By Amritha Alladi HAGATNA, Guam (Pacific Daily News, Dec. 28, 2009) - In Guam, sixty-one-year-old Lourdes Sgambelluri Pisarri remembers learning to swim in the Marbo Caves. When she was 6, her grandfather, Marcello Sgambelluri, took her down to the freshwater caves, where she saw lobster and shrimp crawling at the bottom of the pool, and the stalactites and stalagmites jutting from its walls.

"It's freshwater that abuts the ocean. It's one of the most miraculous things that you can have," Pisarri said. "A freshwater pool, and the ocean is right there next to it."

But in a few months, access to those caves may be limited, and the lands where Pisarri's family farmed may be tainted with runoff from a decontamination facility and shooting range to be built there by the military, as part of their buildup projects, Pisarri said.

It's about 1,000 acres of ancestral land that's been in the Sgambelluri family for almost 100 years, Pisarri said. Now, the military is planning to construct a Marine training facility there.

"It's really a travesty of justice," she said.

Pisarri, who currently lives in New York, said she received a letter from the military earlier this year, asking if it could survey her lands and perform Environmental Protection Agency (EPA) studies there, she said.

In response, Pisarri wrote a letter to the director of the Joint Guam Program Office, John Jackson, saying she didn't want the military to place one foot on her property. She copied the letter to President Obama, Guam delegate Madeleine Bordallo, Gov. Felix Camacho, Sen. Judith Guthertz, and Retired Adm. Ed Kristensen among others, of whom only Guthertz, chairwoman of the Legislature's buildup committee, responded to the letter, she said.

"Bottom line is, I did write to the military to tell them -- in no uncertain terms -- that I didn't want anybody stepping one foot on my property," Pisarri said. "I also told them I don't want one coconut tree destroyed that my grandfather planted 90 years ago."

Instead, Pisarri suggested the military use their own unused lands within the Andersen Air Force Base, but Joint Guam Project Office (JGPO) officials have told her EPA regulations prohibit the use of those lands.

"Frankly, (JGPOs public information officer Capt. Neil Ruggiero) stated that much of the military land was saving the lives of various animals, as a conservation area for birds," Pisarri wrote to JGPO.

"It unnerved me that you would first consider displacing people who have lived on our land for many years."

A statement provided by Ruggiero to the Pacific Daily News last week reiterated the Defense Department has tried to utilize its own property for the military realignment, but must follow federal environmental laws and planning processes to determine the best locations for the facilities and ranges necessary for the military realignment.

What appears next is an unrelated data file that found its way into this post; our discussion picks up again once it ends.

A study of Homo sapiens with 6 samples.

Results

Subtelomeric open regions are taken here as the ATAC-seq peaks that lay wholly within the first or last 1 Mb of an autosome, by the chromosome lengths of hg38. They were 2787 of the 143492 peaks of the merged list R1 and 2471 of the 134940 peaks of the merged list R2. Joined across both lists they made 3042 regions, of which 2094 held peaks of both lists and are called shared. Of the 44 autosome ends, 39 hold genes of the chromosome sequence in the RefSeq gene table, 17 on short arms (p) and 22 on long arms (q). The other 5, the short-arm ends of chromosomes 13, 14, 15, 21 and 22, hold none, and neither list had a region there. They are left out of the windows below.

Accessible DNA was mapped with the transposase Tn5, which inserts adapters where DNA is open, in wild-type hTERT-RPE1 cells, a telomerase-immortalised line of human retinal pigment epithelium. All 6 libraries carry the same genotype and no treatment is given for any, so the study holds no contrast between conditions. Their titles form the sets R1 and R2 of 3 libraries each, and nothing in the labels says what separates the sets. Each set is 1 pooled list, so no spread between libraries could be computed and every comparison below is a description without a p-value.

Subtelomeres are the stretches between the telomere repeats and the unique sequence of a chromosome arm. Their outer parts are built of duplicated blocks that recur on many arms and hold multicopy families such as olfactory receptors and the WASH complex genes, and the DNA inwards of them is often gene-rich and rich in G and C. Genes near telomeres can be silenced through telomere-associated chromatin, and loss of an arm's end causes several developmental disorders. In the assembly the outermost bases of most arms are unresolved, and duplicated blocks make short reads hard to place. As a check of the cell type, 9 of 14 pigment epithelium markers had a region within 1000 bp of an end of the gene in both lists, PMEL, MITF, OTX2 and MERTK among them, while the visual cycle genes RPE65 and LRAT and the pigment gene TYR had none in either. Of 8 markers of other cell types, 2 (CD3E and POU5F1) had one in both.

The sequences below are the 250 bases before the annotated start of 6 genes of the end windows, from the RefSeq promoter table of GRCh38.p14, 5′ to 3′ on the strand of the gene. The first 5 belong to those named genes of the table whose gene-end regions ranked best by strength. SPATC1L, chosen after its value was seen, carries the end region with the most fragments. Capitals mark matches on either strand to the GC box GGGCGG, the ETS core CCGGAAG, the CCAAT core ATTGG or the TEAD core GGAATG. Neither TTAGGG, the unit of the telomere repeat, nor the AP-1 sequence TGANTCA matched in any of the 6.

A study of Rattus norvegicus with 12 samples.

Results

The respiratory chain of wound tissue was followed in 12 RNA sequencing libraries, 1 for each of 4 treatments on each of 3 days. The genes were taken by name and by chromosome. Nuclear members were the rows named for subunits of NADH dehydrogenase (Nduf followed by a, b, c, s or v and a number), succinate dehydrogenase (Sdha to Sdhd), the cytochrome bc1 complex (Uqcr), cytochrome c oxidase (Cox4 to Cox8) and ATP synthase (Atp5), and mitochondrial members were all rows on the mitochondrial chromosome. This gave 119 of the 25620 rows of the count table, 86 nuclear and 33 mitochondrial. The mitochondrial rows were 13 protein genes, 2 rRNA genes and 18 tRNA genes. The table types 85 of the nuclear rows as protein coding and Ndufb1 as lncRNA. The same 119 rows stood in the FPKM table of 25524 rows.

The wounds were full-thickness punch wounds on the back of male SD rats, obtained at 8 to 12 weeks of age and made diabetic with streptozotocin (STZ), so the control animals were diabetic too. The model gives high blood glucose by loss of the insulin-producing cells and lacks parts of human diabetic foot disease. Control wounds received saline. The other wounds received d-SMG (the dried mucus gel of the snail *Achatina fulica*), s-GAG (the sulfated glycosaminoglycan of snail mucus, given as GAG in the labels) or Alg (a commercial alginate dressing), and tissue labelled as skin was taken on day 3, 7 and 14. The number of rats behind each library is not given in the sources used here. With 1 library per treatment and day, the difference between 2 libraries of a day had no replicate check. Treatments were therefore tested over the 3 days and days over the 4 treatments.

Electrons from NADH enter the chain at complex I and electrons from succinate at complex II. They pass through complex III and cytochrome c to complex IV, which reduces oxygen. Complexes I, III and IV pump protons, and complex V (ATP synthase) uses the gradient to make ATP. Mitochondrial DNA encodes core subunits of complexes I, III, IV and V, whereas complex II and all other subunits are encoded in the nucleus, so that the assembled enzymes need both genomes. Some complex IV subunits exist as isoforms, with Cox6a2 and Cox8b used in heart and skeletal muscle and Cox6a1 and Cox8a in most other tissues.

"The military is also considering feedback collected through discussions with village mayors, Government of Guam officials, and the Legislature. Through this process it has been determined that certain facilities, such as training ranges, will not fit on Department of Defense (DOD) properties without possible negative effects on Guam's citizens," Ruggiero said. "We have also learned that it may be wise to develop property near existing bases to allow functions to be grouped together in one location and eliminate the need to travel from one range or training area to another. This will ease impacts, such as traffic, on the surrounding community."

But Pisarri and other residents have said land leasing, monetary compensation, or the promise of providing land elsewhere are not options they would consider because most residents in the area acknowledge the land's value.

For example, Pisarri's brother, Joseph Sgambelluri, said the land in the Sasayan area facing the ocean is ideal for them to build family homes for their children to settle down.

"This area here is just too nice, too beautiful to use as a military site," added Virginia Stadler, another resident of the valley. "There are people that are thinking of building their homes ... to pass it on to their children and grandchildren."

Plus, Pisarri said the Chamorros are still waiting to be compensated for the way they were mistreated during World War II.

"My parents and the rest of the people on Guam have not yet been compensated by the United States," she said, adding the Japanese, the Jewish, the Native Americans, the Filipinos, and residents of Saipan have all been compensated after the atrocities they've faced throughout history.

"Why are the people of Guam being discriminated (against)? Why have they not been compensated?" she said.

But perhaps there's hope for the Sgambelluri family.

Guthertz has said she and other Guam senators have obtained assurances from JGPO Executive Director Retired Maj. Gen. David Bice, that condemnation is not part of the plan for obtaining buildup lands. However, in a recent television appearance, Jackson said that all options including condemnation are "on the table," creating further confusion.

Thus, Guthertz will be holding a public hearing tomorrow to allow Guam residents to voice their concerns.

Joseph Sgambelluri will be among those present at the hearing to share their comments. Pisarri said her brother will be reading out her letter at the hearing, since she's miles away.

"I've been fighting the fight for a while now. I just know that people need to voice their opinion," Pisarri said. "We don't mind bringing men to Guam, but this is an overtaking."